It is an interesting question to ask: What does Genesis 3:16 mean when it says that, as a consequence for her sin, the woman would now have pain in childbearing? (“I will surely multiply your pain in childbearing; in pain you shall bring forth children. Your desire shall be for your husband, and he shall rule over you.”) On one level the answer is very clear, but I think we do well to see that there is more to it than what is most obvious.
After Adam and the woman sinned (she is not yet named Eve–that will come soon), God was forced to pass judgment on them–to provide oracles, judgments about the way the world would now be. God’s first word to the woman, the first consequence, looks back to her very creation. When God created human beings—when he created them as male and female—he blessed them and said to them, “Be fruitful and multiply and fill the earth.” His command to them was to bear children, to fill the earth with people, and in that way to exercise dominion over all of it. Adam and the woman were to have children and their children were to have children and soon enough the earth would be populated with more people, created in the image of God and doing the work of God. This is a critical and primary component of the Creation Mandate—God’s command to the creatures he formed in his own image.
People were to multiply by childbearing. But now, after the woman listened to the serpent and led her husband into sin, something else, something far more sinister, would multiply alongside those children. Here in Genesis 3:16 God says to the woman, “I will surely multiply your pain in childbearing; in pain you shall bring forth children.” This is not an arbitrary consequence. Rather, there is a kind of poetic justice here, what theologians may refer to as a talionic justice. God looks back to his original plan for humans and shows that the punishment will fit the crime, so to speak. Where God meant to multiply what was good, sin would now multiply what was evil. “In pain you shall bring forth children…”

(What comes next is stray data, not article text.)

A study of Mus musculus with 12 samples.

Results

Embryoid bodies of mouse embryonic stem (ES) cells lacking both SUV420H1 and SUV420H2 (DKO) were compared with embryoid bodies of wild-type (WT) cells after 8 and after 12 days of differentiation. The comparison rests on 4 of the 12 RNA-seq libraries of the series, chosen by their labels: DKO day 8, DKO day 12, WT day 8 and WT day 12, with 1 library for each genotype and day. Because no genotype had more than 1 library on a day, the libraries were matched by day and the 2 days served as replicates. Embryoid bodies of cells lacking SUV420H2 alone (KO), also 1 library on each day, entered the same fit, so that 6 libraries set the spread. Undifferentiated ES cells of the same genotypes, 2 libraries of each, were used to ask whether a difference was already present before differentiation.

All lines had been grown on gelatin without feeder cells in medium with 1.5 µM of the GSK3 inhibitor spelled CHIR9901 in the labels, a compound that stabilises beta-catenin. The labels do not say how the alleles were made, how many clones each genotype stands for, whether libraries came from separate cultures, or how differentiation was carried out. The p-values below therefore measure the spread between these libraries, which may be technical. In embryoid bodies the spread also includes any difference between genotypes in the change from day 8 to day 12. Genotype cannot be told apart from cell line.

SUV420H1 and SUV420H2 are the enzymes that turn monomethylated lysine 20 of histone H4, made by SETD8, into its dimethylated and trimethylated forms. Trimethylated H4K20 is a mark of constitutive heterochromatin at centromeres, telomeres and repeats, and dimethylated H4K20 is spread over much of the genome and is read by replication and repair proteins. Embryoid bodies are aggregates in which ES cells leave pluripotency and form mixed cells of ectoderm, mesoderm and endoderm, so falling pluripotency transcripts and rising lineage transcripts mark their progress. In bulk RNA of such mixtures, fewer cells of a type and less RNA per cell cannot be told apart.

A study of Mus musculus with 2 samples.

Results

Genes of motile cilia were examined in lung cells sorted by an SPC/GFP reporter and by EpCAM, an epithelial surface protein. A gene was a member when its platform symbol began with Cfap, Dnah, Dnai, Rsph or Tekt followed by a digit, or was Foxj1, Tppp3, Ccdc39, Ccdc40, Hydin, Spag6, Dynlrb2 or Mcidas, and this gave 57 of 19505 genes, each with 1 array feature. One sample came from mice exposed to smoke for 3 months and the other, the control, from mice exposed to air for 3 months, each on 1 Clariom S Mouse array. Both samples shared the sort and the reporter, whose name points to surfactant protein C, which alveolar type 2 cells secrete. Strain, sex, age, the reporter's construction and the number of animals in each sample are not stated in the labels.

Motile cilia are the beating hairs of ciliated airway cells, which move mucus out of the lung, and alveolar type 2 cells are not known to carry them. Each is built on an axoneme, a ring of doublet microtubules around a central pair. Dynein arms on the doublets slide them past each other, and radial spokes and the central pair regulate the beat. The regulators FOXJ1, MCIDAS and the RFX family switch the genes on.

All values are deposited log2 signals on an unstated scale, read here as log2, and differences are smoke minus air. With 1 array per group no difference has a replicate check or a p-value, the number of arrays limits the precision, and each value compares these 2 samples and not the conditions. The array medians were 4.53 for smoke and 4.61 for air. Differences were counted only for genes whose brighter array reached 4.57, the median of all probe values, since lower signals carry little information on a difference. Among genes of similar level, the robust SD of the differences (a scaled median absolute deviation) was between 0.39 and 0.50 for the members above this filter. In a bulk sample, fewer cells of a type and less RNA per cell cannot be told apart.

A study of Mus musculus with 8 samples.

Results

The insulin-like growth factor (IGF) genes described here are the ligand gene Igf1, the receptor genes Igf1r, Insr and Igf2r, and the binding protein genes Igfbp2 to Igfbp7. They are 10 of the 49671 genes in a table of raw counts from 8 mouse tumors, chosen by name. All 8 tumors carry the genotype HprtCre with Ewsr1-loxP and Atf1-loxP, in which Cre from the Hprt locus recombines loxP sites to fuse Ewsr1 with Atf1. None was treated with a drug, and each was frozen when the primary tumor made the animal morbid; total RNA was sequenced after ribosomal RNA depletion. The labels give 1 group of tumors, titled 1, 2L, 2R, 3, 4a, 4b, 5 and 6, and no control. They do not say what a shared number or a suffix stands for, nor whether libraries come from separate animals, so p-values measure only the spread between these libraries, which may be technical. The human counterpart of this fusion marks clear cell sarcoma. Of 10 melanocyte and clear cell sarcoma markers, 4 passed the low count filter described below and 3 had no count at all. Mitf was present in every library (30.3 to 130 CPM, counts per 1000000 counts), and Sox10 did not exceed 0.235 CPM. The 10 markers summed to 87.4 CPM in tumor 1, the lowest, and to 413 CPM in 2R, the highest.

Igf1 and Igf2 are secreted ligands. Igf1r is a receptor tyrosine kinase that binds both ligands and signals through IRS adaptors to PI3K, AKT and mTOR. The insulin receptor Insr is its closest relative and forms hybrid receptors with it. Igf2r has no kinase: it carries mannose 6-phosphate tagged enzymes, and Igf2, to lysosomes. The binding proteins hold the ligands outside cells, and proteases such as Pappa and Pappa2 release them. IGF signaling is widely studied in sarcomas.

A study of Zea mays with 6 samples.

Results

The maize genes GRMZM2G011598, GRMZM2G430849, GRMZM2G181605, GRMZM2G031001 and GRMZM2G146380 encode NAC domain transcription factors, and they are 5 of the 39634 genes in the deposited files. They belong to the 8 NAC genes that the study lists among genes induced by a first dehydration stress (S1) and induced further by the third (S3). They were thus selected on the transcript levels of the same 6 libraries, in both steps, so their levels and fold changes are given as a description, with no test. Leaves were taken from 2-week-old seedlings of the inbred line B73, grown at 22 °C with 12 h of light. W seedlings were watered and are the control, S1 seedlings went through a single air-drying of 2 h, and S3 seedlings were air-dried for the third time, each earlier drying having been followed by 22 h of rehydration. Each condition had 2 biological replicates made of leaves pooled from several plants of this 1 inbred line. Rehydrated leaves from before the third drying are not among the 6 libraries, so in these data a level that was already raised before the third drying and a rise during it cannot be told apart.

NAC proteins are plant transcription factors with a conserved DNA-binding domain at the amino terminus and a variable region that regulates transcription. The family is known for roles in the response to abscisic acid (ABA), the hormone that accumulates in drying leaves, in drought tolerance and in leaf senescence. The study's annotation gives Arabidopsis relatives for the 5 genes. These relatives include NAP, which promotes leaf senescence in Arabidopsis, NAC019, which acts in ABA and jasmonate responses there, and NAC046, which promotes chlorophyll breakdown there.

God’s original plan was that women would bear children painlessly. When God said to the woman that she would bring forth children in pain, this would have been a shocking pronouncement. The word he uses here—the word translated childbirth—actually refers to conception and not just the act of giving birth. “I will surely multiple your pain in conception.” Since there is no pain associated with conception, I think we need to extend this word–or at least the application of this word–so that it points to the entire process from conception to birth and even to the raising of children; it points to motherhood more than it points merely to childbirth. All of these were meant by God to be free from pain. It would be a joy to get pregnant, it would be a joy to be pregnant, it would be a joy to give birth, it would be a joy to raise children. There may be joy in all of those things still, but there is also pain. There is pain and trouble in conception as so many couples can testify; there is pain and danger in pregnancy; there is pain and danger in giving birth; and there is pain in raising children. After sin’s entrance into the world, all of these good things would now be attended by physical, mental, emotional, even spiritual pain.
Now the occasions of the greatest joy would also be occasions of the greatest pain. This pain would always remind woman of the existence of sin and of her role in bringing that sin into the world. We can imagine that with every labor pain Eve thought of the sin she had committed. God would continue to bless the woman, he would continue to allow her to multiply, but her numbers would only multiply as her pain multiplied. She would continue to fulfill her God-given mandate, but only in pain. After the fall into sin woman would no longer be immortal; she must now die. But through children she could maintain the existence of the human race. Woman would not be able to save herself from her sin, but from her line would come the one who would smash the head of the serpent. So as she gave birth to those children, she also would have trusted in the great promise that one would eventually come who would deliver us from all pain. Would he come from Cain? From Abel? From Seth? She didn’t know. But she knew he would come. Obeying God’s Mandate would bring dominion to the earth, but it would also eventually bring the Messiah, the one who could undo all of the pain.